Previously, I never talked about my personal life in work and I try not to bore my friends too much about my business. But really I’m kidding myself; the two elements are inextricably linked. They literally rely on one another.
So in a certain degree of seriousness what can business owners learn from the Military spouses? In my opinion, all you need is G.I.N. – Grace of all trades, Inferno Fighting, Necessary Assistance. No article referencing the military should be without an acronym. It looked fun, I wanted a go.
Grace of All Trades
Sorry, Jack was busy. Military spouses assume many daily roles including that of a mother, a father, a friend, a neighbour, an agony aunt, a plumber, a teacher, a taxi driver, a dog walker, a negotiator and a crisis solver. It’s a lot of hats for one person but it’s not dissimilar to running a business. You need to be adaptable and put on many different ‘hats’ every day.
Example: You might start with your ‘admin hat’ and wade through the emails, then move to your ‘manufacturing hat’ and ‘crisis hat’ as an element in your production process breaks down and by lunchtime you’re wearing a ‘bookkeepers hat’. You might spend all afternoon wearing your ‘PR and Marketing hat’.
Plan A, Plan B & Plan C and a plan for when all of those don’t work. You’ve never met a bunch of planners like military spouses. There’s a wet weather plan, a dry weather plan, plan A early return (jokes), Plan B delayed returns (you) & Plan C – call Granny. Business Owners, like military spouses, are the greatest metaphorical fire-fighters. Every day you have to prioritise, it’s easy to get bogged down and barely get through the top quarter of all the possible jobs you could be doing. But it’s all about planning for the unplannable…judging in advance what you would consider to be time critical and long reaching and what can wait without affecting your turnover. Those choices change profit margins.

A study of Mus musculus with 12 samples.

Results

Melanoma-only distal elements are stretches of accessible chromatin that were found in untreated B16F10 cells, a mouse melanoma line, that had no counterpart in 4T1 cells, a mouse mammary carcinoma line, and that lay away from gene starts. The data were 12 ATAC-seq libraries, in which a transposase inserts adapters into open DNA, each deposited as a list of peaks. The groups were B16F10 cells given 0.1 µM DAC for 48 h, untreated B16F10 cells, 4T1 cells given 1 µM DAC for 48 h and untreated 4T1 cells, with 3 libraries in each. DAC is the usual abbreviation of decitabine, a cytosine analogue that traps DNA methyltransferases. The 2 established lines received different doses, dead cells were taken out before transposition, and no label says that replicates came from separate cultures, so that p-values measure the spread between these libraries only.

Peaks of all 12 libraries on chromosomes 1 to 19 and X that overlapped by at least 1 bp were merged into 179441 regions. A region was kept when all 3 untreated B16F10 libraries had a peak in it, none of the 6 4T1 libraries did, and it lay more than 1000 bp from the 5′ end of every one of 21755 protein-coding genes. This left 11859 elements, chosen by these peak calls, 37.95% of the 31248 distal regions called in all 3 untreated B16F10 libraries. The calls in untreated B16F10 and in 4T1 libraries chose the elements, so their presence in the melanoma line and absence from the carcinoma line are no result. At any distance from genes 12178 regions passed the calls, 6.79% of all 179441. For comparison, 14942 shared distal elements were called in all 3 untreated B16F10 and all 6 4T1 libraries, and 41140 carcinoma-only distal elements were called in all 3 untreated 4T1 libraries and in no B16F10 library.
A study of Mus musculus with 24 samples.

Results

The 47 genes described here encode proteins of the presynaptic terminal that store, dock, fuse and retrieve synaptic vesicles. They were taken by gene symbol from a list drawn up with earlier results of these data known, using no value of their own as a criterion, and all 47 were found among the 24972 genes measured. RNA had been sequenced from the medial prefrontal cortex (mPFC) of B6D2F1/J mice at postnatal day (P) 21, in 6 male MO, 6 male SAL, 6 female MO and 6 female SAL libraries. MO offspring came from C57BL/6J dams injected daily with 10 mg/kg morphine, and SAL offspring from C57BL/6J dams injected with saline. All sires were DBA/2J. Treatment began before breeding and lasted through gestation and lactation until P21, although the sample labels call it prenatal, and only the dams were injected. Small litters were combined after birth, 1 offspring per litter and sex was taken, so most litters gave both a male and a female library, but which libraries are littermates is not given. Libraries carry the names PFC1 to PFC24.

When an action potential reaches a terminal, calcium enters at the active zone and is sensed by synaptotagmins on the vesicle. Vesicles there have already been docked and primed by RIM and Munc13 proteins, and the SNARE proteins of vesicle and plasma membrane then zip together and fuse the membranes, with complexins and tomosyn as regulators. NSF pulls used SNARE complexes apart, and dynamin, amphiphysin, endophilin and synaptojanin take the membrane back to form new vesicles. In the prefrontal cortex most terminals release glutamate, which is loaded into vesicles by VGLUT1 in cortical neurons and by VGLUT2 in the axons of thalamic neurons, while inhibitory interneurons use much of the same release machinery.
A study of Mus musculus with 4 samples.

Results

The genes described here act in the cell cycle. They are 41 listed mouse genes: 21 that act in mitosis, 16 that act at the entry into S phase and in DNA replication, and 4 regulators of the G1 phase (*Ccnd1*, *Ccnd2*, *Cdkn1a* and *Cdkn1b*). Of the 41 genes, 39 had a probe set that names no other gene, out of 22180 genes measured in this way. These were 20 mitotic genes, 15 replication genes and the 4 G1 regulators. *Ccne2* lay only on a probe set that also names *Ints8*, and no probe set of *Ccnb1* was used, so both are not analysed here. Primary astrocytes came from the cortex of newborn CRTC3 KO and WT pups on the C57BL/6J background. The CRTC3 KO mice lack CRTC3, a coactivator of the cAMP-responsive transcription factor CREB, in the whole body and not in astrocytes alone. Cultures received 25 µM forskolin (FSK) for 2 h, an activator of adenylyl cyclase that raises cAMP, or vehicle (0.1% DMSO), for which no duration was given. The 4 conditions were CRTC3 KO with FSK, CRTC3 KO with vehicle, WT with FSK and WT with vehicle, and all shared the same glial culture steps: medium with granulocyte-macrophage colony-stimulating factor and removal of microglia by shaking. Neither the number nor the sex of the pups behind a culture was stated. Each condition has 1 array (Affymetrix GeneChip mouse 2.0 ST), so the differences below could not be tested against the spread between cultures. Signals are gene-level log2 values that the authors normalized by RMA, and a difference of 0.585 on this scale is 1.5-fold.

Example: Sometimes you have to choose to respond to a journalist request for an article – over producing excess stock for the storeroom or clearing out emails.
One thing I’ve learned as part of the Military community is that you never stand and watch. You put out the forgotten bins, you spread the grit on an icy night, you mow the neighbour’s lawns, you search for the missing child’s toy, you drink tea (gin), you watch the children on the road and you ask for help when you need it. You just do.
Everyone works better with a little helping hand here and there. As a business owner, nothing will affect the success and outcome of your labours better than being able to recognise what you do best and outsource the rest… whether that’s business coaching, accounting or PR skills. But more than that, let’s create an environment of skill sharing and support for each other; there’s nothing to lose and so much to gain when many heads are put together.
Until next time, think G.I.N. and boss it!
AJ Stanning runs specialist Food and Drink PR Service www.prtoolkit.co.uk , an online platform where business owners can access the tools and services provided by a PR agency. With do-it-yourself resources and training you can achieve the same (if not better) results as an agency – but at a fraction of the cost. From press release templates, to help with writing and media distribution services, our online tools will help you with all aspects of PR, whether you’re a start-up or an established company looking to grow.
Any questions, please head on over to the PR Toolkit Business Club on Facebook.